By Barney Blakeney
I had to ask myself, “What have we done?” after receiving the police report about the 26-year-old man accused of shooting two people two years ago at a West Ashley Chuck E. Cheese’s Family Fun Center and Arcade and the January 3 shooting of another man in North Charleston. A few days later a friend told me she recently attended the funeral of a 19-year-old who is the son of another friend. She said she asked someone what happened to the young man and was told, “He got caught up.” He’d been involved in some gang activity and had, in the past, shot somebody who evidently retaliated. Where did we go wrong, what did we do wrong that leads to so many young black men killing each other?
I often use the term “failure is not an option” when talking about stuff that has dire consequences – most often when talking about our piss poor public education system in Charleston County. We fail so many kids it would be laughable if the consequences weren’t so dire. We failed that 26-year-old young man. He started out as a babbling brown bundle of joy in some mother’s arms; tickled her fancy as he goo-goo-gah-gahed his way into her heart. She probably more than once called him her little ‘stinker’ as she changed his diapers and burst with joy watching him take his first steps.
Somewhere along the way to his manhood we dropped the ball. Our screwed up system failed to catch him as he began falling into an abyss of violent behavior. The safety net that should have caught him as he fell deeper into a subculture so many of our young experience either wasn’t there or he slipped through one of the many holes so big it’s almost as if the net wasn’t there at all. He likely fell through many layers of ineffective netting.
About a year ago I got some disturbing stats from a member of Charleston County School Board. Nine percent of African American kids in Charleston County are ‘career-ready’ which we quantify by Silver Work Keys level, the board member said. Boeing requires the equivalent of Gold Work Keys level, which means nearly all of our African American grads (91 percent) are not qualified to work at Boeing or Volvo after at least 13 years with CCSD.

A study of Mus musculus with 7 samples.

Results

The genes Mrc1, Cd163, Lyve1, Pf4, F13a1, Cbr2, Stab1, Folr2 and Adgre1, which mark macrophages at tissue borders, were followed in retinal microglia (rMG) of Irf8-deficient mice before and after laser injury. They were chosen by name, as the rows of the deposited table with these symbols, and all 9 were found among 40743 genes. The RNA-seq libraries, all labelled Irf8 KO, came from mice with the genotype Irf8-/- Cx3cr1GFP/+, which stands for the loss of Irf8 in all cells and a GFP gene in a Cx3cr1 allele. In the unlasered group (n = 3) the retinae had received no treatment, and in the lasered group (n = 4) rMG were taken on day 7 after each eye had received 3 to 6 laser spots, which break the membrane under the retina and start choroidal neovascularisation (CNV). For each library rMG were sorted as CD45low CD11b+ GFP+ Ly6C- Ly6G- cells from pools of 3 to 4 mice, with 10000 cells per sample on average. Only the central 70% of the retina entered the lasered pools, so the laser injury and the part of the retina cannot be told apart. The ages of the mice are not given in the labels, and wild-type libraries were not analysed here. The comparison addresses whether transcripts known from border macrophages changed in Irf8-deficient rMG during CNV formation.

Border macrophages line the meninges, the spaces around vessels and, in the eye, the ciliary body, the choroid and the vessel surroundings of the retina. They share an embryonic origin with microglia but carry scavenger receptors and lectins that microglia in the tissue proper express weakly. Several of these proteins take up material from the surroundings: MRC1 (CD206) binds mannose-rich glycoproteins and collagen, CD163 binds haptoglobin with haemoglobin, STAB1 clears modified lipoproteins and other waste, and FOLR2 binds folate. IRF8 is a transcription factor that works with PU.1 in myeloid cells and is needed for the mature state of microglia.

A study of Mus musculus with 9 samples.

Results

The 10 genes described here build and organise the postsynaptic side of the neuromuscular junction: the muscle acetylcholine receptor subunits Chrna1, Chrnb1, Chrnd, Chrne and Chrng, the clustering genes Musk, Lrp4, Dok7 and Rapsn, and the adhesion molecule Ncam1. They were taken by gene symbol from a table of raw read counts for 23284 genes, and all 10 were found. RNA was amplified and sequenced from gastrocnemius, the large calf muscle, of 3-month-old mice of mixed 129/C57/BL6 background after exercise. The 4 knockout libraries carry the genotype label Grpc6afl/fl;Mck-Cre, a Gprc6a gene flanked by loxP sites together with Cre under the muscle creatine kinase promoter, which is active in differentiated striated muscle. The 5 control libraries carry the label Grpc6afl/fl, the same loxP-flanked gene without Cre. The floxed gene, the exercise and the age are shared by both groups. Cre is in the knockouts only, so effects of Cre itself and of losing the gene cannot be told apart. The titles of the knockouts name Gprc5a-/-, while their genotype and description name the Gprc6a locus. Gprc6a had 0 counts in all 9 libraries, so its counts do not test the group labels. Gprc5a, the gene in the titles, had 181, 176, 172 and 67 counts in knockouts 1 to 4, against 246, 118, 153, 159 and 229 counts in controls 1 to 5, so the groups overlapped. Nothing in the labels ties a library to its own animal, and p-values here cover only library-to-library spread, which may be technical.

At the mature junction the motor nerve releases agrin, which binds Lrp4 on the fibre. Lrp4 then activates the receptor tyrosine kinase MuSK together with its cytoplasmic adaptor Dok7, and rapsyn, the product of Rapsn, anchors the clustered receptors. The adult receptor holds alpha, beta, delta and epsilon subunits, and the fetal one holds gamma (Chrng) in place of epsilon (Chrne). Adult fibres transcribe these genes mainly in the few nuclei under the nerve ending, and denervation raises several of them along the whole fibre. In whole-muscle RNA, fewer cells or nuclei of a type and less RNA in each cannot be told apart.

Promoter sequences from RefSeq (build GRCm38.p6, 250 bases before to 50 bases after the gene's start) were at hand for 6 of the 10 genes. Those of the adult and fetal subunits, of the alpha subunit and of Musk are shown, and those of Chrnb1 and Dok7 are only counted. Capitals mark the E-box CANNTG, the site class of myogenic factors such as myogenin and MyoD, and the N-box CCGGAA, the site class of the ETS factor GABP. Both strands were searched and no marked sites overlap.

Less than four percent of our African American grads are “college-ready” with a 23+ ACT score, he continued. Ninety percent of our grads have to take a remedial course before beginning ‘for credit’ courses at Trident Tech; 84 percent of our African-American kids don’t read on grade level by third grade; less than half of our kids, black or white, improve by a grade level each year, resulting in a slow slide backwards with each year. Those are our results in one of the richest districts in the state where we spend 27 percent more per pupil than Greenville County (the richest district in the state), he said.
We know we’ve got problems. Some folks are trying to address them. Charleston Accelerated Academy is a unique S.C. Public Charter School helping young adults overcome real-life challenges to earn their district or state-issued high school diploma. The school opened at the Septima Clark Academy site on James Island September 5. It will open a second site at Trident Tech’s North Charleston campus in February. The school serves students ages 16-21 through non-traditional approaches that incorporate web-based curriculum and technology, individualized learning plans, hands-on life and career coaching and flexible hours and scheduling. There’s another group that will unveil its focus on public schools to Charleston County School Board later this month. But that’s not enough.
Last weekend I saw an episode of Carolina Business Review in which the panelists discussed the future of our region’s workforce. Automation is going to displace some 40 percent of today’s workers in the next 15-20 years, they said, and dynamics in our population will result in too few workers in the near future as well. President Donald Trump’s inaccurate rhetoric about U.S. immigration policies ignores that the U.S. will not have the manpower to fill labor demands in the future, they said.
Most reliable sources say while the U.S. has about five percent of the world’s population, it has about 25 percent of the world’s incarcerated individuals. I googled this info: “In 2015, the most recent year for which data are available, about 126,000 prisoners were held in privately operated facilities under the jurisdiction of 29 states and the federal Bureau of Prisons. That’s an 83 percent increase since 1999, the first year with comparable data, according to the Bureau of Justice Statistics (BJS).” Prison is big business in the U.S.
That 26-year-old brother, he’s no accident. We created him. He feeds a diabolical system, one that swallows whole our children. Our failure is in allowing that system to be perpetuated. We are both its creators and victims. What have we done?